Our time in Taiwan was really different because we had James' family. This was great for a lot of reasons - James' grandparents were really generous letting us stay in their second apartment, we always had a family meal at least once a week, we got to borrow his uncle's car, etc.
I feel like my first year in Shanghai was my first true expat year. In Taiwan, James' family was our primary community. Now, in Shanghai, my collection of international twenty-something, early-career types are our primary community. Instead of Saturday lunches at grandma's, my first year had a lot of cocktail happy hours and late-night McDonald's delivery.
For a lot of us, that experience is integral to expatriating to Shanghai as a young, unmarried person - lots of not-so-healthy eating, splashing out for expensive conveniences because you're exhausted, and going to bars because you don't know anyone and you want to make friends and alcohol makes everything less awkward. I didn't drink that much my first year, but the Aussies and the Brits are all alcoholics by American standards, so I probably drank more than I would've in the States.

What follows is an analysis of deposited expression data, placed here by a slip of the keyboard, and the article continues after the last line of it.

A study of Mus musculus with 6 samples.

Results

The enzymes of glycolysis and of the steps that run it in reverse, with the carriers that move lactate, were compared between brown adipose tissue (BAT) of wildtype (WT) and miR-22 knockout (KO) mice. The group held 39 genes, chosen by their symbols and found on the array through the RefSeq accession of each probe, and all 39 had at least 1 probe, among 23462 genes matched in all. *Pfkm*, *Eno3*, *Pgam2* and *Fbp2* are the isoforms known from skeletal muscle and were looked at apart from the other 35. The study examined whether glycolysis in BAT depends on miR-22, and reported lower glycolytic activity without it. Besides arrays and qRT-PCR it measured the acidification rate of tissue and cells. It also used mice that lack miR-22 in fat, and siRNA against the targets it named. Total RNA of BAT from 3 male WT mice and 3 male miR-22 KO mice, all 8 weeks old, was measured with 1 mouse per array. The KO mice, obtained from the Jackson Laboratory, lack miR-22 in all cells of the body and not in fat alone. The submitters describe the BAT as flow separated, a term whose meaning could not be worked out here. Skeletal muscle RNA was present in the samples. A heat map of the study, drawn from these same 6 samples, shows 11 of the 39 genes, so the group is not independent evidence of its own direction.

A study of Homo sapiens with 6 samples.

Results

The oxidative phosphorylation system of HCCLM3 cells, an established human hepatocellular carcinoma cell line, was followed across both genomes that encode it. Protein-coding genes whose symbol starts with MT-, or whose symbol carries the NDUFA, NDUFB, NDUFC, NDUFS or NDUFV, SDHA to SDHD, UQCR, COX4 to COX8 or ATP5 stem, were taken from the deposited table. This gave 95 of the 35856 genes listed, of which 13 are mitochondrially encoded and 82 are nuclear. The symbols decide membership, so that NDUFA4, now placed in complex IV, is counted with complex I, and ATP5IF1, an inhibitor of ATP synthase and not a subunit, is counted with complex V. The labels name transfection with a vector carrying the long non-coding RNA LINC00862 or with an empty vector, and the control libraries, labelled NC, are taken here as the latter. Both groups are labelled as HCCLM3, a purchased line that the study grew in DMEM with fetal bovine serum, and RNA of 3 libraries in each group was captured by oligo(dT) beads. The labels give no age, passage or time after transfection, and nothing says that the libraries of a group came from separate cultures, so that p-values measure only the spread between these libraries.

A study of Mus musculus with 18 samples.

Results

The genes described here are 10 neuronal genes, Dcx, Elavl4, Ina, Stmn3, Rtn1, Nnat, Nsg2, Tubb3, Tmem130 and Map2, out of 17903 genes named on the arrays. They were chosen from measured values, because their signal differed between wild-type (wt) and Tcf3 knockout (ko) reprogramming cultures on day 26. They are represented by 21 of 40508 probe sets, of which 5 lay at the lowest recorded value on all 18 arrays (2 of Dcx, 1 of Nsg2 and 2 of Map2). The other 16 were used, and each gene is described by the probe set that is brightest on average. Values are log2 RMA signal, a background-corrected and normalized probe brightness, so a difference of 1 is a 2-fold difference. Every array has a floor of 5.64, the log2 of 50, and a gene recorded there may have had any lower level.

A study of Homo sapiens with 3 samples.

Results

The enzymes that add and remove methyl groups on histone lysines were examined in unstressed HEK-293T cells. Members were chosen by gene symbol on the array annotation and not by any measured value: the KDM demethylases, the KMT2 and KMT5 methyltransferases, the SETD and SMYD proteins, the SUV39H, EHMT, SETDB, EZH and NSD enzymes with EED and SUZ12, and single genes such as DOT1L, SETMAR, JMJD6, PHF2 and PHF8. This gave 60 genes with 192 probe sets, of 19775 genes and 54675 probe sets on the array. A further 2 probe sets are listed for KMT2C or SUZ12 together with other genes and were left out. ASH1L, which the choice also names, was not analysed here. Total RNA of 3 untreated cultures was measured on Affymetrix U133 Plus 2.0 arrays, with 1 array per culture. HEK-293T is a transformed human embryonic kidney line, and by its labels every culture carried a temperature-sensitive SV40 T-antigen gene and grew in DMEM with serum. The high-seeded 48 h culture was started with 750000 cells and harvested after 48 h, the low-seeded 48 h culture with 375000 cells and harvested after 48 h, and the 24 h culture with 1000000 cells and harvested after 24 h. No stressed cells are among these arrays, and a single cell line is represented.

I've been in Shanghai over a year and a half now. I have a great extended network of friends, plus my little American tribe that I live with. So now my priority has shifted from establishing community to maintaining in it and making my life here more comfortable.
Thus, we make a point of getting exercise now. We cook several times a week. And where in Taiwan, it was fine and a little bit novel to have Cheeseburger Thanksgiving, it seems more important now where and how we'll be celebrating (most likely a potluck at a friend's, there will definitely be turkey).